August 14, 2012

Nicolas Poussin (1594-1665), Extreme Unction, 1638 – 1640 which the Fitzwilliam Museum is hoping to buy.

Success – According to a press release posted by ArtDaily: A campaign by the Fitzwilliam Museum and the Art Fund to raise £3.9m to enable the museum to acquire Nicolas Poussin’s masterpiece Extreme Unction (c. 1638-40) has reached a successful conclusion with the help of a substantial grant of £3,021,000 from the Heritage Lottery Fund (HLF) for the acquisition and outreach work, and almost £1m in donations from members of the public and charitable organisations.

The Fitzwilliam has succeeded in acquiring Nicolas Poussin’s “Extreme Unction.”

The original coverage:

The Fitzwilliam Museum in Cambridge has mounted a fundraising campaign to purchase one of the seven sacraments by Nicolas Poussin. According to Cambridge News:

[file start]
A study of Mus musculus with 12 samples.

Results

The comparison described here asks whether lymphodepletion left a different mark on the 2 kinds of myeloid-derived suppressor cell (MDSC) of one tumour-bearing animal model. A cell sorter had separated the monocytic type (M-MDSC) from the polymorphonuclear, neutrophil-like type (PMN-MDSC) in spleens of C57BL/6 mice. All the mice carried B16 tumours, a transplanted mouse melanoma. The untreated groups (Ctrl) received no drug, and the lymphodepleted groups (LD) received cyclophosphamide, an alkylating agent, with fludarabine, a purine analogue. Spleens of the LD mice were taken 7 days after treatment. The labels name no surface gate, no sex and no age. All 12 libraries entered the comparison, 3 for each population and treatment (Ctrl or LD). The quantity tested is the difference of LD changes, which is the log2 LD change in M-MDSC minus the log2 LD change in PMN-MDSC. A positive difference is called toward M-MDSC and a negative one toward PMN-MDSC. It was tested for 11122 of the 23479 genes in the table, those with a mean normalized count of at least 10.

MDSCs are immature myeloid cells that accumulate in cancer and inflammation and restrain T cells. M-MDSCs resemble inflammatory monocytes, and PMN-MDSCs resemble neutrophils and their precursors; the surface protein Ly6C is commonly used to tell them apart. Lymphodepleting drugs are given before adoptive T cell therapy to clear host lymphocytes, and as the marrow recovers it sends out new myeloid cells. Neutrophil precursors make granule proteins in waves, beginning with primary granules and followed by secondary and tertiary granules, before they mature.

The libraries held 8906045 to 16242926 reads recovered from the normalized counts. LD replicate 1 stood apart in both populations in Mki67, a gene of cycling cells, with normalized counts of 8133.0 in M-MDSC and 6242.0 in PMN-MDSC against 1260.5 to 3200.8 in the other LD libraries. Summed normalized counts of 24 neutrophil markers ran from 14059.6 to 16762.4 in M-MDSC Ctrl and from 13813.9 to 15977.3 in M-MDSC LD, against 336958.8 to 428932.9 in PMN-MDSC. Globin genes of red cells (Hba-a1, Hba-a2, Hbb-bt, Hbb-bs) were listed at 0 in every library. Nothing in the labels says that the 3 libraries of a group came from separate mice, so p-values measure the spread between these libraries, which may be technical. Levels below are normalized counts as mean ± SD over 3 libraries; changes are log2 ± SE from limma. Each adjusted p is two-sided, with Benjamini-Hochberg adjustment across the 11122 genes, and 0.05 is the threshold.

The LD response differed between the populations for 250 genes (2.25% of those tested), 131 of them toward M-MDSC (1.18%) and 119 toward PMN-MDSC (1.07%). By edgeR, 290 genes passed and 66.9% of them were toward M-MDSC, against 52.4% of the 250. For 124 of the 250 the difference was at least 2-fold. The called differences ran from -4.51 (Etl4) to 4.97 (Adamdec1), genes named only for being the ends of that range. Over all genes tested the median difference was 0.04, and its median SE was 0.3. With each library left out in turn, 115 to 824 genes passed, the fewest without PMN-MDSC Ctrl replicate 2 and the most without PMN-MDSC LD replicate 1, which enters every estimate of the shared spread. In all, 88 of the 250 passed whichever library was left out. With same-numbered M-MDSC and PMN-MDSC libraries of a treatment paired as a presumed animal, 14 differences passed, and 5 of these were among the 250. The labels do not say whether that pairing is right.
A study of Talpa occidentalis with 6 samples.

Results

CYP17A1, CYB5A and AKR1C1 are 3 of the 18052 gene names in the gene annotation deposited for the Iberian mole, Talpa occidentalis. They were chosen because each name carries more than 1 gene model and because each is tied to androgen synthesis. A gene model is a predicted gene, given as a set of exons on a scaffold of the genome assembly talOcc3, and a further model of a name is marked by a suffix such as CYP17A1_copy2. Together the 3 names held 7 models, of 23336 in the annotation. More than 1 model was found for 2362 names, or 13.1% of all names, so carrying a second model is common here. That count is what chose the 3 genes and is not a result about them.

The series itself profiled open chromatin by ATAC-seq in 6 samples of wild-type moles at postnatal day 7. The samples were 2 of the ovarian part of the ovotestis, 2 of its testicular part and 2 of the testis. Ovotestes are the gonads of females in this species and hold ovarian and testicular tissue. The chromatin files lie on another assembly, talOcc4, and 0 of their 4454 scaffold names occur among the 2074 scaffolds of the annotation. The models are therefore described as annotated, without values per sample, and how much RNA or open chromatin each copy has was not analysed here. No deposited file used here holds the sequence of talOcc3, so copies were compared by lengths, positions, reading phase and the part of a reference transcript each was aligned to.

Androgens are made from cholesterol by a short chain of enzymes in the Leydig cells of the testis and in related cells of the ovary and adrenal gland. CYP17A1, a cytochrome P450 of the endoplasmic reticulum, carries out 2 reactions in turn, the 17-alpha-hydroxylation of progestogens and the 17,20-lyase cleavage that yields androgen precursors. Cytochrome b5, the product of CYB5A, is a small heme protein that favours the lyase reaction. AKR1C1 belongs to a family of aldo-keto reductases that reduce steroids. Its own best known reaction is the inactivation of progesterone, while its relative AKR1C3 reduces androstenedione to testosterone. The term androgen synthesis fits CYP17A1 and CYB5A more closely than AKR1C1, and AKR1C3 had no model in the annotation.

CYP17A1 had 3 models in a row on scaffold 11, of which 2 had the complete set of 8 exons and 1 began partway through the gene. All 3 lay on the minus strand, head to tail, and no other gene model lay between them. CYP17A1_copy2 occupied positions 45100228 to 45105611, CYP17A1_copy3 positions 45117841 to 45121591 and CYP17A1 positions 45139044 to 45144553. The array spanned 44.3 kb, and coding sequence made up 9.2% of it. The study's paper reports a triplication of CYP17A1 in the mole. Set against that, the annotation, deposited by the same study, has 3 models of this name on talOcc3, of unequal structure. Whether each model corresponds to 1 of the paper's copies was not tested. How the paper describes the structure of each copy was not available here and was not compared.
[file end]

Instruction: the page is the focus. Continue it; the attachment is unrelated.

The Cambridge University museum has launched an appeal to the public to help fund the purchase of Nicolas Poussin’s masterpiece Extreme Unction – after it was offered to them at a cut-price of £3.9 million through a Government scheme.

One of Poussin’s surviving Seven Sacraments, it is widely thought by critics to be the finest work from “one of the most remarkable series of paintings ever conceived”, the museum said.

The 17th century classical masterpiece, which depicts a dying man being anointed with oil, is already housed in the museum, but it is owned by The 11th Duke of Rutland’s 2000 Settlement.

Dr Timothy Potts, director of the museum in Trumpington Street, said: “This would be the most significant old master painting acquired by the Museum in nearly a century and would transform our representation of French art and of the classical tradition through a masterpiece by the greatest French painter of the 17th century.”